The purpose of a car’s muffler is to be part of the system that conveys hot exhaust gases from an engine manifold to a point of release, while controlling noise emanating from combustion and expulsion of hot gases from the engine, and suppressing structural vibrations expressed as noise. Because of these functions, mufflers have had significant structural mass as well as cost.
Tenneco Automotive has redefined not what mufflers do, but how they may be designed and constructed to do it. The result is this innovative low-cost low-weight muffler. The assignment they undertook was to design and produce a muffler that is lighter, cheaper, and with desirable (just as good or better) acoustic properties.
Mufflers have historically been made with laminated shells of 1.2 mm steel, with good stand-alone structural strength, in order both to hold up and to provide acceptable heat management and acoustics. With these constraints, mufflers have been reduced in weight by 20% by the savings here and there over the last five years, engineered by various suppliers. Cost has not been reduced much at all, partly due to material costs (thick-wall laminated steel).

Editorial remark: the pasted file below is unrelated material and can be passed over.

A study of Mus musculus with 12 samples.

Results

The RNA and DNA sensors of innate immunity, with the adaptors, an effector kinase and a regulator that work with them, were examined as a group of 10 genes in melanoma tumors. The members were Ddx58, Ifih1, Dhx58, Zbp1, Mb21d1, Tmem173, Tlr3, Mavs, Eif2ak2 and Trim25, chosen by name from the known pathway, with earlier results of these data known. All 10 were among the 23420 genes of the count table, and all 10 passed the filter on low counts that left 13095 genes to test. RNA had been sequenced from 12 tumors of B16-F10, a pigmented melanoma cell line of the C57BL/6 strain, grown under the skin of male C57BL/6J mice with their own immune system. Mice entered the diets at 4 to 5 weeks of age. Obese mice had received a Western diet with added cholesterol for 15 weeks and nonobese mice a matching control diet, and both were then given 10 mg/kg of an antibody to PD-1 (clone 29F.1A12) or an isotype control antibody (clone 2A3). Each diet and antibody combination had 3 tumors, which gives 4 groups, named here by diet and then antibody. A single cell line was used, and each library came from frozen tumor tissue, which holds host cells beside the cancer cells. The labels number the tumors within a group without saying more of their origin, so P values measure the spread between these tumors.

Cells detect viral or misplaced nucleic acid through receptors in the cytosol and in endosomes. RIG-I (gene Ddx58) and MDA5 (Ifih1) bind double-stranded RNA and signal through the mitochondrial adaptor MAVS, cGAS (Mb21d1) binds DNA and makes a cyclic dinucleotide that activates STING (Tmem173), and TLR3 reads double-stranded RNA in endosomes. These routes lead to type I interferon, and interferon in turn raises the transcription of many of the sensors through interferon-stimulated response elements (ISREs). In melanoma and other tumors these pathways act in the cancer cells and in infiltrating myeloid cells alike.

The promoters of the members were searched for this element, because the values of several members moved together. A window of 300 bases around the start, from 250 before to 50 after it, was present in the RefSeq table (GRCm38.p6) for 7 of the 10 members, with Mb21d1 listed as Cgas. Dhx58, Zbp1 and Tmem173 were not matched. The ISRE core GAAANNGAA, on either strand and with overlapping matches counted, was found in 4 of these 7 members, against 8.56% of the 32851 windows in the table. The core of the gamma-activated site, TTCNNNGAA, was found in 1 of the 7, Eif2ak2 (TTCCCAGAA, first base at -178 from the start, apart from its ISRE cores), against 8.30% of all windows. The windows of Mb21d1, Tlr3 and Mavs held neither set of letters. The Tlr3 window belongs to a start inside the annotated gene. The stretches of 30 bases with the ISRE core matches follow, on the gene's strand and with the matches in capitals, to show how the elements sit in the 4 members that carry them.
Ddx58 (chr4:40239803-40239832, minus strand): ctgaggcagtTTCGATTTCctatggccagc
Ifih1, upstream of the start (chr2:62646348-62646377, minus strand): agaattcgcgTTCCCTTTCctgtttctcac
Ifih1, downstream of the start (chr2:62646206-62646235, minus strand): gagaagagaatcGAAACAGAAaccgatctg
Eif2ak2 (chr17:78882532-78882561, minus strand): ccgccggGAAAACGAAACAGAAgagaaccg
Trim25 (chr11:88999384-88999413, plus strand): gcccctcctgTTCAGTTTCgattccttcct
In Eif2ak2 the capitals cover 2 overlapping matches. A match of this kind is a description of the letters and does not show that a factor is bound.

The Tenneco low-cost low-weight muffler has been designed by intensive use of Tenneco’s Computer Aided Engineering (CAE), with the result that they have been able to design a single, thin walled muffler (0.7 mm) with a bead pattern that permits in-process welding, and with uncompromised, and even tunable, acoustics.
Tenneco integrated the muffler into the vehicle underbody, to avoid structure-borne noise, thus reducing allocated underbody design space as well. In addition, Tenneco is able to use its CAE to overcome the noise associated with single thin walls, and to tune muffler acoustics by using irregular, geometric embossing patterns in surface topology. Tenneco’s overall effort very cleverly results in a muffler that costs less, and takes another 20% out of muffler weight with just this one innovation.
Tenneco Automotive’s low cost, low weight muffler technology will shortly be applied by General Motors on one of its global vehicle platforms.